5 Important Things to Understand on Your Super Statement
These super statements outline what has happened to your money over the last 12 months and give you a lot more information than just your account balance.
1. Investment Mix
The Asset Allocation or Investment Mix refers to the proportion of your superannuation money that is invested in each asset class. For example, you could have 100% invested in cash or it could be divided up between cash, fixed interest, property and shares.
Check to make sure your investment mix matches your tolerance to risk. As a general rule of thumb, the younger you are and longer you have until your retirement, the more exposure you may have to growth assets such as shares and property that are generally considered higher risk. As you get older and move closer to retirement, it’s likely you’ll adopt a more conservative investment mix with a higher allocation to the cash and fixed interest assets, considered to be lower risk. Whilst this may be a generalisation, it is important that you get the appropriate investment mix to suit your own timeline and investment objectives. If you are not sure what your risk profile is, then a financial adviser can help you to work out what risk profile you are and the type of investment strategy that may suit you.
2. Past Performance
The performance of the investments in your super fund is typically split into categories of measurement:
Investment Performance is the performance of the investment options that you have selected. This is often expressed as a percentage and provides the return on each of your investment options over a stated timeframe, such as one year, five or ten years.
Your specific Rate of Return is the weighted rate of return for all your investment options.
Evaluating performance figures can provide a good indication of how your superannuation stacks up relative to other investments and super funds over the same time period. It can help to look for after-tax return figures as they provide a true indication of investment performance, taking into consideration fees and taxes.
If you are comparing funds, make sure you are comparing ‘apples with apples’. This means making sure that the investment performance of each super fund is expressed in comparable proportions and over equal timeframes. It is also important to remember that past performance should not be used as a measure for future performance.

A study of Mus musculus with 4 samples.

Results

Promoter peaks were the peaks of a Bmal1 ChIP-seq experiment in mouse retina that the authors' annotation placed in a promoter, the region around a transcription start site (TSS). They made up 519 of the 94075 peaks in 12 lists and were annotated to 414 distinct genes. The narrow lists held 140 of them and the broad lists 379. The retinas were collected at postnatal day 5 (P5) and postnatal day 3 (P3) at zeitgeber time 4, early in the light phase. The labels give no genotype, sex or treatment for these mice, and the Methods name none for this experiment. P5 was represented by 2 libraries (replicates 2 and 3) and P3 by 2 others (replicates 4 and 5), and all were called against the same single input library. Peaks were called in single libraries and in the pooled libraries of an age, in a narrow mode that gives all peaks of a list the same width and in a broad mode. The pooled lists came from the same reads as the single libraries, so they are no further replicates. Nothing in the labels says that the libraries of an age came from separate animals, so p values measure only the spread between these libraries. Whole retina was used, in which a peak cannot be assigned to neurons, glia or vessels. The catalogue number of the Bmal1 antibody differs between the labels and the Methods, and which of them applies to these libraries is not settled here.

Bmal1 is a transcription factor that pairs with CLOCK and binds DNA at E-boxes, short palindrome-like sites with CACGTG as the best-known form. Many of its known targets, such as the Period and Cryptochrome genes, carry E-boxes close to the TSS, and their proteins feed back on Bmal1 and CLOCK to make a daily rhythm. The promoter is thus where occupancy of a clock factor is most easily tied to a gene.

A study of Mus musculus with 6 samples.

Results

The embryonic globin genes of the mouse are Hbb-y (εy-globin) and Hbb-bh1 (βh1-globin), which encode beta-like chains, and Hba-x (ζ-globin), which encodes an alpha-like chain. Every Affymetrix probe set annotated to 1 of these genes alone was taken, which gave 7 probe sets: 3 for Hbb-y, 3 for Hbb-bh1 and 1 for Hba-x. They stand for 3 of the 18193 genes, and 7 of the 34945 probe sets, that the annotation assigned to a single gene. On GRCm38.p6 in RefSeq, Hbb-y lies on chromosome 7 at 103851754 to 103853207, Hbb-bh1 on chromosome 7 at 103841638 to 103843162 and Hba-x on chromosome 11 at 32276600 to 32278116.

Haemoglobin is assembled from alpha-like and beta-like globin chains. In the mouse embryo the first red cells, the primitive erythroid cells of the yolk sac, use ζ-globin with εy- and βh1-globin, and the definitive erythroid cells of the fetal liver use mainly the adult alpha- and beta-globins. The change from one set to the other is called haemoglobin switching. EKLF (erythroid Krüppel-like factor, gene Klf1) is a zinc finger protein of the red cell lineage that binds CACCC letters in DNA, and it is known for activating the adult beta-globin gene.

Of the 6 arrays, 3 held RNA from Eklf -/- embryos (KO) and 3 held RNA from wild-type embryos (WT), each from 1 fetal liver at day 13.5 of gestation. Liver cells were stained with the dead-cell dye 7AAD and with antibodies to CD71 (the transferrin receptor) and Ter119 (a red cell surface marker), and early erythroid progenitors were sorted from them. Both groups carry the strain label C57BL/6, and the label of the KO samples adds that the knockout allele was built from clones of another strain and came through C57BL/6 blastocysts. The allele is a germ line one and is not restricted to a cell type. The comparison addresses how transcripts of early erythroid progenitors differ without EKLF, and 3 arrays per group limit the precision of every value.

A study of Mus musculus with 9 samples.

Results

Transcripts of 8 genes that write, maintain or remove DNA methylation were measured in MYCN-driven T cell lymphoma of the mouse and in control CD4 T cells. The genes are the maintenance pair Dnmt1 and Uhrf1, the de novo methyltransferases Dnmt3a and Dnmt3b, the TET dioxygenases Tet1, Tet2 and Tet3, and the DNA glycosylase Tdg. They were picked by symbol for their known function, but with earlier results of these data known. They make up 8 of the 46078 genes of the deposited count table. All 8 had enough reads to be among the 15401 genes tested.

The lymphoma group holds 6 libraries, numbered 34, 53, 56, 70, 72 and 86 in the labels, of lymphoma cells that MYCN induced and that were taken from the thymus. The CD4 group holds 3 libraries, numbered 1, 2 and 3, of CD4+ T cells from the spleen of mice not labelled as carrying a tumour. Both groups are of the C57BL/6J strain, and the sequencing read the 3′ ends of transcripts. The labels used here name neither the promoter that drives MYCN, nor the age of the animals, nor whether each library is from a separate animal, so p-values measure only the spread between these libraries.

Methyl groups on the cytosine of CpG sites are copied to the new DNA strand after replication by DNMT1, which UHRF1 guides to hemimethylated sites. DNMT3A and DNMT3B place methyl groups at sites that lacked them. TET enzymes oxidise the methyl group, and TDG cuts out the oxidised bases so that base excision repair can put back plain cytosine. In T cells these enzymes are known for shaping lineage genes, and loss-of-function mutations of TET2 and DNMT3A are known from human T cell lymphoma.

Your superannuation benefits do not form part of your estate assets, which means that you will need to nominate a beneficiary specifically to receive your superannuation benefits. If you choose to nominate a beneficiary, it’s important to keep your nomination up to date so that it reflects any changes in your personal circumstances.
If no nomination is made then the superannuation fund may pay death benefits to your dependents, your estate or others as it sees fit.
While superannuation is an investment designed for your retirement, you are able to hold personal insurances within the fund. These may include Life insurance, Total & Permanent Disability insurance and in some cases Salary Continuance benefit (also often referred to as Income Protection or Sickness and Accident insurance). Not all superannuation funds provide insurance benefits for members and some provide automatic insurance cover known as default cover. In most cases, if the default cover isn’t suitable to your needs, you can request more cover.
When checking your insurances you may wish to consider whether the cover is adequate for your needs and if you feel the premiums are reasonable for the cover provided. You are able to request a Policy Document for a list of what cover you have or ask your adviser to complete an insurance needs analysis and review for you.
There are a range of fees that may be payable within your superannuation fund. The most common types of fees are:
Member Fees: A fee payable for being a member of the superannuation fund.
Administration Fees: Fees payable to the superannuation fund which cover the costs of administration and keeping your account open.
Investment Management Fees (also referred to as ICR and MER): Fees payable to the manager of the investment options you choose in the fund. The fees will vary for each option.
Contribution Fees: A fee to cover the administration expense of receiving and investing your superannuation contributions.
Adviser Service Fees: A fee payable to your financial adviser for any personal advice that you receive about your superannuation or other investments.
Insurance Premiums: The costs of Life, TPD and Salary Continuance insurance cover that is owned by your superannuation fund for your benefit.
When you add up your fees, the overall fee should be the annual percentage charged on your balance. This percentage fee typically ranges between 1% and 3% pa. Generally, a lower fee is better as the more of your wealth that stays in your own savings the greater your retirement savings will grow.
When it comes to investing, fees definitely matter but the decision over the suitability of a specific superannuation fund for your individual needs should not come down to fees alone. It’s also important to take into consideration the full range of features and benefits, insurance options and advice that is also offered by the fund and from which you could benefit from accessing.
Superannuation savings are a very important element of your financial wellbeing and retirement. With so many terms and options, it can be difficult to accurately review and compare your superannuation funds. If you don’t understand how your super fund is performing, or whether it’s the right solution for you, it is important to seek advice from your super fund or financial adviser.